There are a bunch of people out there who believe The Kelsey Group overhypes local. And that's certainly the lens through which we view the world. But if you pay attention, we clearly have a balanced view of the local marketplace (the fragmentation, complexity, inertia). But now that I've said that, let me go out on a limb and say that Google Base is ultimately about local. Not just, not only; but that's a big piece of what seems to me to be going on.
Why do I say that?
Google gets all its content from crawling, and the company does that brilliantly. But what do throngs of consumers really want? Local information. Sure, more and more say they'll opt for the convenience and crowd avoidance of online shopping. But 95% (or more) of transactions still happen in the real world.
Consumers increasingly use the Internet for research before they buy, but they still make purchases largely offline.
And more broadly, what consumers are hungry for online is local news, events, services, restaurants and retail information. Where can I buy that stove or that camera — today? Or if I buy it online can I pick it up locally today?
Google Base becomes a way for Google to directly acquire a great deal more of that local content that the company cannot get through crawling. It's one of several strategies to get local information into the database (direct feeds from Citysearch and SuperPages are another). On Froogle I can buy online or, in the not too distant future, I'm likely to be presented with information about where I can buy something locally too (courtesy of Google Base).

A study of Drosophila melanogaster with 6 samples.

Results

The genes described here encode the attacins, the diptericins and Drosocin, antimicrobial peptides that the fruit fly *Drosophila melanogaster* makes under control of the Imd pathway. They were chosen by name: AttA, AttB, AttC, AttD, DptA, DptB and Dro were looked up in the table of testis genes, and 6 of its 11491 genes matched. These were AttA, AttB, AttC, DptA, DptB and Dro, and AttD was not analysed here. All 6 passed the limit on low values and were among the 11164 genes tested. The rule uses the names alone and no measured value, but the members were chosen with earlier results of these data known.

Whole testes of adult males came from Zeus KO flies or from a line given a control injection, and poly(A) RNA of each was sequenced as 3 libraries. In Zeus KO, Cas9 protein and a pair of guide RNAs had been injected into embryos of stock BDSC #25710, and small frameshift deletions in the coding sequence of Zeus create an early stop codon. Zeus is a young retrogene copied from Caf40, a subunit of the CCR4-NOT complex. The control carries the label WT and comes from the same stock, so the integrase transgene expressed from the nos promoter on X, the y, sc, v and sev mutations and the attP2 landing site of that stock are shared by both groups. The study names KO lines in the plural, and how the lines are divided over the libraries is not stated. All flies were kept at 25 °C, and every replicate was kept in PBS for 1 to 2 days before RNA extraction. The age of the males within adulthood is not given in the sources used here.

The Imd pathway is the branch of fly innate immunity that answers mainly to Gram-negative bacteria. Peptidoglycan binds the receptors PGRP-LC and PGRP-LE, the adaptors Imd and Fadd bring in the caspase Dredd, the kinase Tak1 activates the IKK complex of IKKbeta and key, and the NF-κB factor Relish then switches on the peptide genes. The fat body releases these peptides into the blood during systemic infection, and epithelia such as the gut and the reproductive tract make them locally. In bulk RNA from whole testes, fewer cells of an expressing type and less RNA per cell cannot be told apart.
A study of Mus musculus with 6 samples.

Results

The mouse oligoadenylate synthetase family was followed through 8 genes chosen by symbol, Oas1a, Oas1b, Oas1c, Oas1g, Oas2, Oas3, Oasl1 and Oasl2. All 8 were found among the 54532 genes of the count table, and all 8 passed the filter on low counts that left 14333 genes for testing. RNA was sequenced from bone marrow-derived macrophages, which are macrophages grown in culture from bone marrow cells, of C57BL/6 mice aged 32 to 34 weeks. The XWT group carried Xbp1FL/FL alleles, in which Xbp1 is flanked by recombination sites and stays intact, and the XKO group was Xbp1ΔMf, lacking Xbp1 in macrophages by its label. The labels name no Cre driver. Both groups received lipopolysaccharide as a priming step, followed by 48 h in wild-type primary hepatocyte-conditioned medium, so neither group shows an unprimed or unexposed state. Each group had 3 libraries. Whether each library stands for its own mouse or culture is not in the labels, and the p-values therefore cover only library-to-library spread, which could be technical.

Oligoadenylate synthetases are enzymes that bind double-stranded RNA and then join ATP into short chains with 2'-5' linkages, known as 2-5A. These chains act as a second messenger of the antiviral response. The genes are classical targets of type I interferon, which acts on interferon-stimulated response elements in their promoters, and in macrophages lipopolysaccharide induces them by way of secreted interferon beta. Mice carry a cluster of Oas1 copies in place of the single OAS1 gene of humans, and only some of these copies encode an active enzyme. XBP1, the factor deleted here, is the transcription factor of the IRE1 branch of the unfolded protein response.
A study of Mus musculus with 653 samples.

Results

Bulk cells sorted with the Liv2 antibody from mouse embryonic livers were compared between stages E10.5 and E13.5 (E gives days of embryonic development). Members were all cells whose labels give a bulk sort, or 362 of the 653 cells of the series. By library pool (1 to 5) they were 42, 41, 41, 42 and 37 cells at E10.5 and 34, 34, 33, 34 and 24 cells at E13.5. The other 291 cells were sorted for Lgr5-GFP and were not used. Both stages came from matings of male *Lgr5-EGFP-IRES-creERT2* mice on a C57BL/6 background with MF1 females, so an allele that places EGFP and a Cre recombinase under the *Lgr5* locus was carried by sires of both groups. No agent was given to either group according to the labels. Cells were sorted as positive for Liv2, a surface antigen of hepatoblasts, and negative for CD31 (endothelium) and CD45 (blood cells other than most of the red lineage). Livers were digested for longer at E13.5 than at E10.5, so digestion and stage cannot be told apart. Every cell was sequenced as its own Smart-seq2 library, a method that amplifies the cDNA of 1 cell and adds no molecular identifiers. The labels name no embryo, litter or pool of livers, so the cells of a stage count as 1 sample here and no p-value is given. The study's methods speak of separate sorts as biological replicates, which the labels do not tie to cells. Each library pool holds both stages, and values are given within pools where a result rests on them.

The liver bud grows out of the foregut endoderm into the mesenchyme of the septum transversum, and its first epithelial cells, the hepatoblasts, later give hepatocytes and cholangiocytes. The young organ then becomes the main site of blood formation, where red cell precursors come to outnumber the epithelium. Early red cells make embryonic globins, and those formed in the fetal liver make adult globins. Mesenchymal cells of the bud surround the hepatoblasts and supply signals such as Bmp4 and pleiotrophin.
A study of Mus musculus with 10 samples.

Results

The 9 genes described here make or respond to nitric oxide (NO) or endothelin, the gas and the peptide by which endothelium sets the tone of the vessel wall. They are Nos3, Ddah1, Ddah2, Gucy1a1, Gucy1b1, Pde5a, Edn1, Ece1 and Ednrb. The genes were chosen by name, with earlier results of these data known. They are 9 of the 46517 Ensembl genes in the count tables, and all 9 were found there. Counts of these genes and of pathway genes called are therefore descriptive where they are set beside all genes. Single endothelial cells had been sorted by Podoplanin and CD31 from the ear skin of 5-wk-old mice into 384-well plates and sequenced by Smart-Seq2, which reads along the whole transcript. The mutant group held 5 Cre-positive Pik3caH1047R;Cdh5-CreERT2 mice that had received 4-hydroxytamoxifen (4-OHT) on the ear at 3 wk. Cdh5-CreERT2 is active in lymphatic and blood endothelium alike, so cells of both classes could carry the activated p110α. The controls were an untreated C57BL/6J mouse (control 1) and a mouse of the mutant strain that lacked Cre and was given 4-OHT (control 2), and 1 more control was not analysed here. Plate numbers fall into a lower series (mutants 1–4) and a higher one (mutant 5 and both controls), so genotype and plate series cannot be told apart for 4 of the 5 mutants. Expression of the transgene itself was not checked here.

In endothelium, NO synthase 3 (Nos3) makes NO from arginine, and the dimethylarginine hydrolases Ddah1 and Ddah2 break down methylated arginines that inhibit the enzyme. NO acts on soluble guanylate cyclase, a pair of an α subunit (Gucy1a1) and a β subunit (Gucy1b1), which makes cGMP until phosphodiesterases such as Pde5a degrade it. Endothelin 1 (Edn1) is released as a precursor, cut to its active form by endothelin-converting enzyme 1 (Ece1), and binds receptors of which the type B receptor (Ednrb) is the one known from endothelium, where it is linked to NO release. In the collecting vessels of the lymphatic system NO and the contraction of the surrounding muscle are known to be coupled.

More generally, Google can take that local content (jobs, cars, real estate, products, etc.) and send it to whatever "distribution point" it considers appropriate (Froogle, Local, etc.). It becomes a way for Google to start providing comprehensive information to users, not just about online but also much more about the real world in which they spend most of their time.